Indian nurse on death row in Yemen pins hopes on Centre


As the Centre’s mediation being the last resort for Kerala nurse Nimisha Priya, who was awarded death sentence by a Yemeni Court, in connection with the murder of a local citizen five years ago, legality to save her from the foreign land that follows a different set of laws is challenging.

On March 7, a Yemen court had dismissed the appeal of Nimisha Priya in the murder case of Yemeni citizen Talal Abdo Mahdi, in which she, along with another person, is the prime accused.

Advocate Subhash Chandran K.R. representing ‘Save Nimisha Forum’, a collective working for Nimisha’s release, said that a copy of the judgment is yet to be received and the limitation for appeal before the Supreme Judicial Council is 40 days only. If the appeal before the Supreme Judicial Council is dismissed, execution may take place any time as per the Yemeni law.

The only possibility of any reprieve for Nimisha is if the family of Talal pardons her for blood money — compensation paid by an offender or his kin to the family of the victim — in accordance with the Sharia law and diplomatic intervention, he says.

The intervention of the Delhi High Court

On March 14, the Delhi High Court had sought the Central government’s stand on the plea by the ‘Save Nimisha Forum’, seeking direction to the Centre to facilitate negotiations with the family of the victim on behalf of the nurse to save her life by paying the ‘blood money’.

In its response, the Centre said it will institute an appeal before the next appellate forum in Yeman challenging the death penalty awarded to Nimisha Priya and the consul present in Yemen shall extend all cooperation and facilitate the travel of her family.

Centre’s counsel Anurag Ahluwalia informed that the government is providing miscellaneous amounts to the Indian citizen for her daily expenses inside the foreign prison. On the blood money, the Centre’s counsel said it will only be facilitating the travel and will not be involved in the negotiations.

Intervention by politicians

Minister of State for External Affairs V. Muraleedharan extended the government support to save Nimisha reiterating the Centre’s stand in the High Court. Meanwhile, the family of Nimisha met Kerala Chief Minister Pinaryai Vijayan. The Chief Minister also offered all possible help to bring back the woman, said her family after the meeting.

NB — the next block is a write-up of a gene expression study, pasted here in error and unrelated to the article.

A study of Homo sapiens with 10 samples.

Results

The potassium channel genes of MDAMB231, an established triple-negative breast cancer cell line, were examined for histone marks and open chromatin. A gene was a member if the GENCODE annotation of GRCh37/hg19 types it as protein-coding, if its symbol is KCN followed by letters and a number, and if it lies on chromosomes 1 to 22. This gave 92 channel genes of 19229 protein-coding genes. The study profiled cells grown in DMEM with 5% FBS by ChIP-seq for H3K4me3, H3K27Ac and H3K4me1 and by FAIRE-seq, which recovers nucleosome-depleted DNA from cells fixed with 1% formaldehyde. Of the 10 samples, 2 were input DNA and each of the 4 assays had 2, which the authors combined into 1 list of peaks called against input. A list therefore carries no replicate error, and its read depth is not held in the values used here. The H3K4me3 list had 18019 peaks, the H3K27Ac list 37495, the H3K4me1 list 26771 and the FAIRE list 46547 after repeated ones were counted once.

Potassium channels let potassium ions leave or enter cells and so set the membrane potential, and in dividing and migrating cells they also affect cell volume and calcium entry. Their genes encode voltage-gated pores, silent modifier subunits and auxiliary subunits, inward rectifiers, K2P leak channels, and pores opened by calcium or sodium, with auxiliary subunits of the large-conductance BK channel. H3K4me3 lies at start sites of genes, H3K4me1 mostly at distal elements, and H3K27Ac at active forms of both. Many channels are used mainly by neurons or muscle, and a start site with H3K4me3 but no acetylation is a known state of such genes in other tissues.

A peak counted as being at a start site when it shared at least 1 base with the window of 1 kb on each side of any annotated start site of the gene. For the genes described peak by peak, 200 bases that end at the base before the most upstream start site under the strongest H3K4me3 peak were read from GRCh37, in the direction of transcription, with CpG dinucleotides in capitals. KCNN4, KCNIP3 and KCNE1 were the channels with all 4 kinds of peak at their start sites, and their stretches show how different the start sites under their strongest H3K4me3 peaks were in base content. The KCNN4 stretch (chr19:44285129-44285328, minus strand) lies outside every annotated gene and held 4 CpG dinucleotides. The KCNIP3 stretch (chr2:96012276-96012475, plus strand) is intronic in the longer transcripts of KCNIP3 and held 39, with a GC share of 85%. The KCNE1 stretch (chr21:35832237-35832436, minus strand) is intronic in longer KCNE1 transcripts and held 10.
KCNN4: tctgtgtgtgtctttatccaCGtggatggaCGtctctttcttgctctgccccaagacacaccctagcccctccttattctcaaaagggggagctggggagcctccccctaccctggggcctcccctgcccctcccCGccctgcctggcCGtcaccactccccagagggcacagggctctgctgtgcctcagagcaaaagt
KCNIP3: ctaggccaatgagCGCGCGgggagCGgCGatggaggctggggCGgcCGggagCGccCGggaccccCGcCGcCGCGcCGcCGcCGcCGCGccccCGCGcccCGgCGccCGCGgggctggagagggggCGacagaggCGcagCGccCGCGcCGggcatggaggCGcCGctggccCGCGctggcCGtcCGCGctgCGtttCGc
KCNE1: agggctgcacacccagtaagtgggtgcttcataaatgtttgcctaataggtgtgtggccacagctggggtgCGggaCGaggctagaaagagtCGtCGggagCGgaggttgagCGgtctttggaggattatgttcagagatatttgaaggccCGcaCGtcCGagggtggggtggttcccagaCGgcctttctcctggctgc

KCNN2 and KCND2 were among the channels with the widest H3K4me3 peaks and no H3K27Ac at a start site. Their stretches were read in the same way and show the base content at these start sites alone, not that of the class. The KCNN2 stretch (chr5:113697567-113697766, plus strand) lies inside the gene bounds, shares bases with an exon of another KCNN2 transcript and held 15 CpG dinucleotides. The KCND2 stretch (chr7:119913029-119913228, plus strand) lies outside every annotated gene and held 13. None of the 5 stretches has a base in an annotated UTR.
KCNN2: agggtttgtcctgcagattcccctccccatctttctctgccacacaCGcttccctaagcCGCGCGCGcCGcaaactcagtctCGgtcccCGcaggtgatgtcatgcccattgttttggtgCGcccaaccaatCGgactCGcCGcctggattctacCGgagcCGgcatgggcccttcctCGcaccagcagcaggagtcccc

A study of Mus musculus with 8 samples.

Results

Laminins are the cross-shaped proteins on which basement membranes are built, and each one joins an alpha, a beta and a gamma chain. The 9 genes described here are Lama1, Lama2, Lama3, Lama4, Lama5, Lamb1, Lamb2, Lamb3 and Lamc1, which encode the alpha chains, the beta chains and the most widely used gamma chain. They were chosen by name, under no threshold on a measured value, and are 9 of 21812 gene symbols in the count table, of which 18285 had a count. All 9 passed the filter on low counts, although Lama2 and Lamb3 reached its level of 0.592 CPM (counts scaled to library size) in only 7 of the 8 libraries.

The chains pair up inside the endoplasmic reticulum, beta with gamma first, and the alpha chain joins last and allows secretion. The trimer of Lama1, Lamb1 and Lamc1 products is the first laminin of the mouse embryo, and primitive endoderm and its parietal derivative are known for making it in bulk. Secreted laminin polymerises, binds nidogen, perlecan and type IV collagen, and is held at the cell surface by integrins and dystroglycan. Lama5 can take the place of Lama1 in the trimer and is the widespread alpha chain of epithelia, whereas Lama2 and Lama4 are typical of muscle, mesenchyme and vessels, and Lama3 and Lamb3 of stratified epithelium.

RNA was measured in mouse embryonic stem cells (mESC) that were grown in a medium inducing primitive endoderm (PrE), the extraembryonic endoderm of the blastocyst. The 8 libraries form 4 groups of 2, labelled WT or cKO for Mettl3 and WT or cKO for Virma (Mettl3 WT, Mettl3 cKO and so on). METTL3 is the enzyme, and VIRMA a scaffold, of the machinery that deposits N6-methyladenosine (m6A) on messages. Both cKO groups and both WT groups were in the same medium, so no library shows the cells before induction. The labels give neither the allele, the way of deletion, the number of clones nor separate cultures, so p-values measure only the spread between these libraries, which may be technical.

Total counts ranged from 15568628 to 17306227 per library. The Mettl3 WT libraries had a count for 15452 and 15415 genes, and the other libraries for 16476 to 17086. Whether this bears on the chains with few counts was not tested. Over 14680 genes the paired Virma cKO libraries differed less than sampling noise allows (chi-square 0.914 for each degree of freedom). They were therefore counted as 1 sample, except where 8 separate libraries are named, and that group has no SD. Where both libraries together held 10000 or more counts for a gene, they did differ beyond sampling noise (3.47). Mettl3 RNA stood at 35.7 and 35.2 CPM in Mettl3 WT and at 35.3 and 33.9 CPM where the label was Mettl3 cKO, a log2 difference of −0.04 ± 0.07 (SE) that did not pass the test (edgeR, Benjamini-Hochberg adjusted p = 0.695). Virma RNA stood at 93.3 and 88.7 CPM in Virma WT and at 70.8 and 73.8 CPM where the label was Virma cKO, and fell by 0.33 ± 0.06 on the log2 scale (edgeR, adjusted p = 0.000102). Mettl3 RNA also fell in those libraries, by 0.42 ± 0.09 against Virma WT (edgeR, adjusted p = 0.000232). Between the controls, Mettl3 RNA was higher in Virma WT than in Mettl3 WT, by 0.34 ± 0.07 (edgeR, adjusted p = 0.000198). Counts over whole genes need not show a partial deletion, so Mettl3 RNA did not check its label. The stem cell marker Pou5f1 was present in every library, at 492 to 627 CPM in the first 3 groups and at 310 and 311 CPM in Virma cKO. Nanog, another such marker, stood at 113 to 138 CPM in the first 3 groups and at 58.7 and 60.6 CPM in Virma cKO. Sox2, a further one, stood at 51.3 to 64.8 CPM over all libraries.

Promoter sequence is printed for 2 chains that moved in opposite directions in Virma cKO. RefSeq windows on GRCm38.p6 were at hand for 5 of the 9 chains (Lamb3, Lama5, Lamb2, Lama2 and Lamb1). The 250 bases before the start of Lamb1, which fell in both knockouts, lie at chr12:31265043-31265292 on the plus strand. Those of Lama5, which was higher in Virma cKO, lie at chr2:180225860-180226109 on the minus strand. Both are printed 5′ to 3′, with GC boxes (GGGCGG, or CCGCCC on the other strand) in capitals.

Idukki MP Dean Kuriakose, in the Lok Sabha, raised the issue and also urged the Ministry of External Affairs to intervene in the matter and immediate release of Nimisha Priya from Yemen Jail.

However, due to the socio-political situation in Yemen, travel to the Western Asian country is not allowed and there is no way for her family or well-wishers to visit Yemen and pay the ‘blood money’ to secure her release.

Case in a nutshell

Nimisha, a nurse from Kerala, had been working in Yemen when travel to and from the country was banned in 2016 due to the Civil War. Her husband and daughter returned to India in 2014, but she couldn’t due to her job.

In 2015, with the help of a Yemeni national Talal Mahdi, she set up a clinic.

Soon, differences cropped up between her and Mahdi and she had alleged abuse, torture by him and taking away her passport, making her trip back to her home state impossible. Mahdi also misrepresented himself as her husband to the Yemeni authorities, due to which she couldn’t get any aid from them, as per her statement.

On July 25, 2017, she injected Talal with sedatives with the aim of sedating him and taking her passport back and fleeing.

But things went awry and he collapsed a while after she administered the sedative. Realising that Mahdi has died, she left the place.

Four days later, the crime surfaced and both were arrested while Nimisha was sentenced to death, the other person was sentenced to life.